Don’t Wait Another Week, Fix That Leak!

Drip. Drip. Drip. Many of us have been there. That slow drip coming from the kitchen faucet, or that toilet that keeps running. We tell ourselves, we’ll get to fixing that… someday. The truth is, according to the EPA, the average household’s leaks can account for nearly 10,000 gallons of water wasted every year. Add up all those leaks across the country and you have 1 trillion (with a “t”!) gallons of water wasted nationwide annually. Don’t let leaks go unfixed, no matter how small. There’s no better time to fix that leak, than Fix A Leak Week.

Fix A Leak Week 2021 runs from March 15-21. This annual reminder for people to check household and business plumbing fixtures for leaks is a nationwide campaign aimed at saving wasted water. In honor of this occasion, SPU has compiled some helpful tips and tricks so you can find and fix some your pesky (and often costly) leaks.

Toilet Leaks

The first step is noticing the signs that you have a toilet leak. These include:

  • Hearing your toilet tank refilling constantly or between flushes
  • Seeing water flow or dribble into the bowl even when you haven’t flushed it
  • Having to jiggle the handle to get the toilet to stop running
  • Seeing or feeling the rubber valve between the tank and the bowl (called a flapper) is starting to show signs of wear

Next you’ll want to test for a slow toilet leak. You can test this using food coloring to check for a slow leak.

  • Remove the toilet tank lid and place several drops of food coloring in the tank
  • Replace the lid but don’t flush
  • Wait at least 10 minutes
  • If you see color in the bowl, you have a leak and it’s probably the flapper

If your toilet’s running, you better go catch it fix it. After you’ve found your toilet leaks you’ll need to repair them. For more information, and steps on how to fix toilet leaks, see our Saving Water website which features step by step help as well as videos.

Indoor Faucet Leaks

Drippy faucets happen. Many times it’s an easy fix replacing a worn out rubber washer, taking less than 30 minutes. To fix this issue you’ll need to:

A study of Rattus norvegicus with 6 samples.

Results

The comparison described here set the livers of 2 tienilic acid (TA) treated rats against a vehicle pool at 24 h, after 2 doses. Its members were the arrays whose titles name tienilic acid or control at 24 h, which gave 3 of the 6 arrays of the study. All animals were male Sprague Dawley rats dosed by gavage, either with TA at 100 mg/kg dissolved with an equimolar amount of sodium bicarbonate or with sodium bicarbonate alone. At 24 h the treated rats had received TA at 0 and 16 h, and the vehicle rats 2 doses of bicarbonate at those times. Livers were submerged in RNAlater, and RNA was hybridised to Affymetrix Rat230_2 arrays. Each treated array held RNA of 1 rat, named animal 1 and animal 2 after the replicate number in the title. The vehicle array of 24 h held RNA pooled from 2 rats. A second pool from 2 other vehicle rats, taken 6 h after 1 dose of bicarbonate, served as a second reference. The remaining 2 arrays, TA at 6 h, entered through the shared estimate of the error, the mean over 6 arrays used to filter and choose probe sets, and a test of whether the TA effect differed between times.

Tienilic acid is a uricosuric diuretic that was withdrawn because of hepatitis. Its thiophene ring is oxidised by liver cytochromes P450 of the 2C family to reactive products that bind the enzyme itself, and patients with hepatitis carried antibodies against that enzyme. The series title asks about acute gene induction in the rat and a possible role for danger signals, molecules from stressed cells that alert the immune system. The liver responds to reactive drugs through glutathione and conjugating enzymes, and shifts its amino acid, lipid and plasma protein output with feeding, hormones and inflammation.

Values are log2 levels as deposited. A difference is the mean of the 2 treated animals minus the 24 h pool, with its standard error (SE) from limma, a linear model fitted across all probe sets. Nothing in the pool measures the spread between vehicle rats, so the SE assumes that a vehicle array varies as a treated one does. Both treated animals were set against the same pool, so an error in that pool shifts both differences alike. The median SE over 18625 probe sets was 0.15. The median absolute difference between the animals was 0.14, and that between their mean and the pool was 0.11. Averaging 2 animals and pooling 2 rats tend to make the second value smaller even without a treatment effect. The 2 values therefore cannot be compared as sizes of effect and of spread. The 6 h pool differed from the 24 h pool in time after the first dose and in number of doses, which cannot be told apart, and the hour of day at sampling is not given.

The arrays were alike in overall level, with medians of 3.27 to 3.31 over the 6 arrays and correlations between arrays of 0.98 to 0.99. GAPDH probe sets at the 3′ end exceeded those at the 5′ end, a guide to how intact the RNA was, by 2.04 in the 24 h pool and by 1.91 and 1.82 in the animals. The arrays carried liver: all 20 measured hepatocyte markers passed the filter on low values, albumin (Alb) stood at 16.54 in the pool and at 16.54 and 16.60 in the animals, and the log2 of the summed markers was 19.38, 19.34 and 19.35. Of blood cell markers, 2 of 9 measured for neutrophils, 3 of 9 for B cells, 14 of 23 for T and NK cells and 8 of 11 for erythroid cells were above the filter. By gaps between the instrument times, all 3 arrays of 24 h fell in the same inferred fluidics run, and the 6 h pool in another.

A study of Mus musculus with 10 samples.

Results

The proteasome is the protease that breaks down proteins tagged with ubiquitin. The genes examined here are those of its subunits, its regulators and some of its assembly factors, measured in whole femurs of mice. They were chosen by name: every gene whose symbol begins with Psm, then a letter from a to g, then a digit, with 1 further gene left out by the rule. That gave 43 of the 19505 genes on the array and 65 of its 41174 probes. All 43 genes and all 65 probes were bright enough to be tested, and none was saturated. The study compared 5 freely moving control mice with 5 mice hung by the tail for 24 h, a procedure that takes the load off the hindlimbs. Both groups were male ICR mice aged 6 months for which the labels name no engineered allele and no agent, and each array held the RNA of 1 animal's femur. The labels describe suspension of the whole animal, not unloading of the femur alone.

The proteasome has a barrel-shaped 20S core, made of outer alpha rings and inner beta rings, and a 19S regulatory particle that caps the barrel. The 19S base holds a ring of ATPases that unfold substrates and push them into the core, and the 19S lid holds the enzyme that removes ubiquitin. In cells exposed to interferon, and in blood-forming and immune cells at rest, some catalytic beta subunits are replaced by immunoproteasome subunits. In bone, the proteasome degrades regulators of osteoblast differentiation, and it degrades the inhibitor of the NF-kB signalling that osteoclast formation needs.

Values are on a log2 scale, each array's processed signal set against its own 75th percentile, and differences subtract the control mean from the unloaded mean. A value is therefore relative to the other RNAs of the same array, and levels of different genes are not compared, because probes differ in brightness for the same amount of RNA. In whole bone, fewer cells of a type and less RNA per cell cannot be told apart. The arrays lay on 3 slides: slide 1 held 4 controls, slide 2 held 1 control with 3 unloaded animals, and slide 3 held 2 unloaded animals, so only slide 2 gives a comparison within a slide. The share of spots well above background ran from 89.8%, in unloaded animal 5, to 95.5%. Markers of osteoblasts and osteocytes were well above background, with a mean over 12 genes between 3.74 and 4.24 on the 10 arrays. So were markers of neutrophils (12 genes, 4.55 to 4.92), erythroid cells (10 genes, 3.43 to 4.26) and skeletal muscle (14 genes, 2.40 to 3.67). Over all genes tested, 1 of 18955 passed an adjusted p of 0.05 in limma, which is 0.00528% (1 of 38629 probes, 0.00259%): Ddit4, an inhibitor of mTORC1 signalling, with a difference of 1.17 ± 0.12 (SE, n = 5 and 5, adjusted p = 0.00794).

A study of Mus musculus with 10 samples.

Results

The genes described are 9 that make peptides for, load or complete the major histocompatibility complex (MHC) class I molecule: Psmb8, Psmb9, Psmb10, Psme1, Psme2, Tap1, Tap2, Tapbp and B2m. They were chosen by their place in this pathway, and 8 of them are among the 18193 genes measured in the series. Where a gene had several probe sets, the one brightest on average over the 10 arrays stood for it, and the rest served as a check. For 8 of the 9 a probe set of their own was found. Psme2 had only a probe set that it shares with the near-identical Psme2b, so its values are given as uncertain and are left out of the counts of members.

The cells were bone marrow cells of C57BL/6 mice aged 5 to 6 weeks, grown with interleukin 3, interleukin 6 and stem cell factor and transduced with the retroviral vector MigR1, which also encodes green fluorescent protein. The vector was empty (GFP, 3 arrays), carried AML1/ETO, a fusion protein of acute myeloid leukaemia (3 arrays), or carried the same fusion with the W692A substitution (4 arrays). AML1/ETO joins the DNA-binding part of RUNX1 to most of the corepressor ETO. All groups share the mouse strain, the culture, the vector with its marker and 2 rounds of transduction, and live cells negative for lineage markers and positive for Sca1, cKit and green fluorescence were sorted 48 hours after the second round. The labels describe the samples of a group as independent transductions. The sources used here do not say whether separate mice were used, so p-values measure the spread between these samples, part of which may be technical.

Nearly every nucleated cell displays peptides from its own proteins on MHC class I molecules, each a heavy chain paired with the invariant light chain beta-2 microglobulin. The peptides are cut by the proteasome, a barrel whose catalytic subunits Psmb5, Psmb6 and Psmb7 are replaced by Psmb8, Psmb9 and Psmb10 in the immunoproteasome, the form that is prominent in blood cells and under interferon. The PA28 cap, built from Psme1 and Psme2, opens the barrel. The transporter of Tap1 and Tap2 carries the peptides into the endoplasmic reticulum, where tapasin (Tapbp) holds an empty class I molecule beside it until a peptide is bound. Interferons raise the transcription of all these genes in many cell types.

• Locate your water shut-off valves (usually under the sink),
  • Gather the tools you’ll need which should include a flathead screwdriver, a wrench, and whatever replacement parts you’ll need (most likely, a new washer)

You can find more detailed step by step instructions and videos here.

Outdoor Faucet Leaks

If you have outdoor faucets, it’s important to not forget to check those for leaks as well. These usually leak in one of two places, the handle and spout. This can be a relatively easy fix.

  • To fix a handle leak, try tightening the packing nut with a wrench. If that fails to stop the leak, you’ll have to remove the faucet’s valve stem assembly. See steps below.
  • To fix a spout leak, you’ll have to remove the valve stem assembly from your faucet to fix a leak coming from the spout.

You can find more tips on fixing outdoor leaks, as well as video guides, here.

After you’ve identified and fixed your possible water wasters, see if you notice much difference in the next few days in your water meter output. If it still seems high, you may want to call a professional as the leak may be harder to identify than you initially thought. It’s important to know your own DIY limitations.

Fix A Leak Week is a great reminder that with a few preventative measures, you can stay on top of potential leaks before they get out of hand, thus saving you money and helping to conserve water. For more tips, visit SavingWater.org.